If Republicans win control of the US Senate this November, widely considered within the realm of the possible if not the probable, Oklahoma Sen. James Inhofe believes he will once again lead the Environment and Public Works Committee, now chaired by Democrat Barbara Boxer [Unlink] of California.
That would be a huge setback for the scientific voice on Capitol Hill when it comes to policies relating to climate change. Inhofe, unlike Boxer and 97 percent of climate experts, does not believe climate change is related to human activity. Inhofe has characterized “man-made global warming” as “the greatest hoax ever perpetrated on the American people.”
Without directly attempting to discredit Inhofe and those who believe as he does, the American Association for the Advancement of Science launched its “What We Know” initiative Tuesday in hopes of emphasizing the scientific consensus is on climate change issues and expanding the dialogue on the risks associated with climate change.
"We"re the largest general scientific society in the world, and therefore we believe we have an obligation to inform the public and policymakers about what science is showing about any issue in modern life, and climate is a particularly pressing one," said Dr. Alan Leshner, CEO of AAAS. "As the voice of the scientific community, we need to share what we know and bring policymakers to the table to discuss how to deal with the issue."
According to a news release on the AAAS site, the What We Know report provides three key climate change messages for all Americans:
- Climate scientists agree: climate change is happening here and now.
- We are at risk of pushing our climate system toward abrupt, unpredictable, and potentially irreversible changes with highly damaging impacts.
- The sooner we act, the lower the risk and cost. And there is much we can do.
The header atop the eye-opening AAAS What We Know website cuts to the chase, spelling out the scientific consensus in no uncertain terms: “Based on the evidence, more than 97 percent of climate experts have concluded that human-caused climate change is happening.”
The site explains that “surveys show that many Americans think climate change is still a topic of significant scientific disagreement” and that it “is important and increasingly urgent for the public to know there is now a high degree of agreement among climate scientists that human-caused climate change is real.”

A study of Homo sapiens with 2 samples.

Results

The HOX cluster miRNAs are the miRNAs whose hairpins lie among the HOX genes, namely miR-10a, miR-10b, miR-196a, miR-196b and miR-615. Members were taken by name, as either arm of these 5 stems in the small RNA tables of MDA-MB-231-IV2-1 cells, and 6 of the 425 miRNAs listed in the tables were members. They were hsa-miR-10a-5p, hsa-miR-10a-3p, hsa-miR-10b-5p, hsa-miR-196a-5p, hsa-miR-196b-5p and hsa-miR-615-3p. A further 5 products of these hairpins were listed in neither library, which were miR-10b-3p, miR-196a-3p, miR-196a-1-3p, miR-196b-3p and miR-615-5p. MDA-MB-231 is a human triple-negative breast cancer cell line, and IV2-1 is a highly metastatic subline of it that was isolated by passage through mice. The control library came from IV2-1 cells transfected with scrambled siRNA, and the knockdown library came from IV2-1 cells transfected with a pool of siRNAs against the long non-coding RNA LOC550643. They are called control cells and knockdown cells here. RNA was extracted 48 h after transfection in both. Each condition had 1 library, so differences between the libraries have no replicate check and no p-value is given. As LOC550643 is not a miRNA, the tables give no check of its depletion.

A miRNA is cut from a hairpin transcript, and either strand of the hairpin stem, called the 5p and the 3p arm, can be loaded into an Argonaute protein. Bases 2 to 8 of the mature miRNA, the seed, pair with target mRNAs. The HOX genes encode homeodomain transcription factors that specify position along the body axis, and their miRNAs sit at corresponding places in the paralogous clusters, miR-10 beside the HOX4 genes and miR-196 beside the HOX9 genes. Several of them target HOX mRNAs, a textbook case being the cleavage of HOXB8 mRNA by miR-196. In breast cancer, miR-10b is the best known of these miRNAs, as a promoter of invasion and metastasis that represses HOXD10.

The website also features short videos with several top scientists emphasizing that climate change is indeed a real problem and that just as human activity contributed to the problem, taking action now can help lessen the impact in the future.
“We don’t need to debate if the climate is changing anymore,” Leshner said. “Now, what would be a success for this initiative is to have the debate shift. To have the debate shift from whether the climate is changing, to what’s the best way to react to it.”
Katherine Hayhoe, director of the Climate Science Center at Texas Tech University, made it clear that the time to act is now. “I’m an optimist by nature,” she said, “but the more time that passes without doing anything enormously large to solve this problem, the more concerned I get. The further down the path we go, the more effort that’s required.”
In “The Reality, Risks and Response to Climate Change,” a background piece found on the What We Know website, the AAAS emphasizes its responsibility to educate the public on the scientific consensus on climate change:
As scientists, it is not our role to tell people what they should do or must believe about the rising threat of climate change. But we consider it to be our responsibility as professionals to ensure, to the best of our ability, that people understand what we know: human-caused climate change is happening, we face risks of abrupt, unpredictable and potentially irreversible changes, and responding now will lower the risk and cost of taking action.
Regardless of one’s political views, the scientific consensus is always worth considering. The AAAS is doing the public a great service with its What We Know initiative. It would be encouraging to see Inhofe, Boxer and other legislators sit down with scientists involved with the project and actually make an honest effort to base US policies on the best scientific data, not ideologically driven politics.